Friday, 21 March 2014


CLPD logo

by Peter Willsman

After Collins, what of the future? Of the collective link between the Labour Party and the trade unions as organisations representing the organised working class? The composition of the implementation committee is quite encouraging, and its actions may avert our worst fears in the immediate future. For example, Labour Uncut have suggested that the implementation committee  might change the basis of the London mayoral primary, and any early leadership election so that union members can be fully involved. They, of course. wish to prevent that. So the battle continues to preserve effective union involvement in party decision-making.

Friday, 21 March 2014
Saturday 29 March
11.30am –4.30pm

Conway Hall, Red Lion Square, London WC1R 4RL
Lunch provided

Speakers: 
Kelvin Hopkins MP
Ken Livingstone
Martin Mayer
Claire McCarthy
Kate Osamor
Christine Shawcroft

 
Eight reasons still to vote against the Collins report Print E-mail
Tuesday, 18 February 2014

Special conference

by Jon Lansman

At the special conference on 1 March, Ed Miliband may well have the “Clause IV moment” his advisors sought, though Labour’s enemies are saying unions will have too much power as they probably always will. His proposals, made in the wake of a Falkirk “scandal” that never was, have lost their rationale.

If he wins the day, as now looks almost certain, it is not because trade unions and constituency parties are enthusiastic about them, or even agree with them. Nor is it because the consultation responses – which have been totally ignored in the report – favoured them… they didn’t. It is because the trade unions and constituency parties are instinctively loyal to him and want him to win in 2015. But this is not the way to make the most radical changes ever in the relationship between the trade unions and the party they founded over a century ago, so here are eight reasons still to vote against the Collins report.

Sunday, 09 February 2014

by Jon Lansman

When I read the email from Ed Miliband to all party members yesterday afternoon, I thought Left Futures should run a competition with a prize for the first person who could identify ‘Paul’, the possibly mythical figure who it is said has joined the Labour Party because of the ‘reforms’ now backed by Labour’s national executive:

I have been asked many times why these changes are necessary. One of our newest members puts it better than I ever could. Take a moment to read Paul’s story:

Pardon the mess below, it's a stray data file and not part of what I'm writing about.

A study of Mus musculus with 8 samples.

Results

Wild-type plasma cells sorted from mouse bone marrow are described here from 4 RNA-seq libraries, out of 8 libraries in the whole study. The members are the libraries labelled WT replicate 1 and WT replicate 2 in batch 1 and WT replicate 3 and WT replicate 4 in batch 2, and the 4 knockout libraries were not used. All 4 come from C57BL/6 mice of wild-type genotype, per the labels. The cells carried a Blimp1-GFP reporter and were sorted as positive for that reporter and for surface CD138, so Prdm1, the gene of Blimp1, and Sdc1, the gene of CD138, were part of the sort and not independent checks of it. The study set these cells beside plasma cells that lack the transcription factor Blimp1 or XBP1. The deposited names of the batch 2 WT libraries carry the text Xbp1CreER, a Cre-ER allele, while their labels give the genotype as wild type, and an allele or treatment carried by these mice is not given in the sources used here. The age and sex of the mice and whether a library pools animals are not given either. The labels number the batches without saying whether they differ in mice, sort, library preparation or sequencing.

Thursday, 27 February 2014

Below is a link to the Yellow Pages published for the Special Conference on 1 March 2014

Cllick here

Please download and circulate to delegates.

 

 

 
National Executive Committee, 4 February 2014 Ann Black Print E-mail
Monday, 10 February 2014

This meeting was called to agree the proposals for party reform which will go to the special conference on 1 March. The paper before us was labelled Draft 18, and someday I would love to follow its evolution through the previous 17 drafts. The final version, after amendment by the NEC, is here.

Sunday, 02 February 2014

Ed Miliband opened the meeting. He said that at conference Labour had set out important policies on energy bills, childcare, housing and the bedroom tax, and was now moving on to bigger long-term changes, including banking systems which served business, not self-interest. The cost of living crisis was not just about prices rising faster than wages, but encompassed zero-hours contracts, insecure jobs and low pay, and people’s lives were a world away from the Tories’ rosy headlines.

Ed Balls’ pledge to restore the 50p tax band had caused a predictable fuss, but he assumed, rightly, that he did not need to convince the NEC of its merits. The top 1 per cent who receive more than £150,000 hardly belonged to the squeezed middle, and he noted that despite George Osborne’s noises about raising the minimum wage, the Tories and the LibDems recently voted against restoring its real value.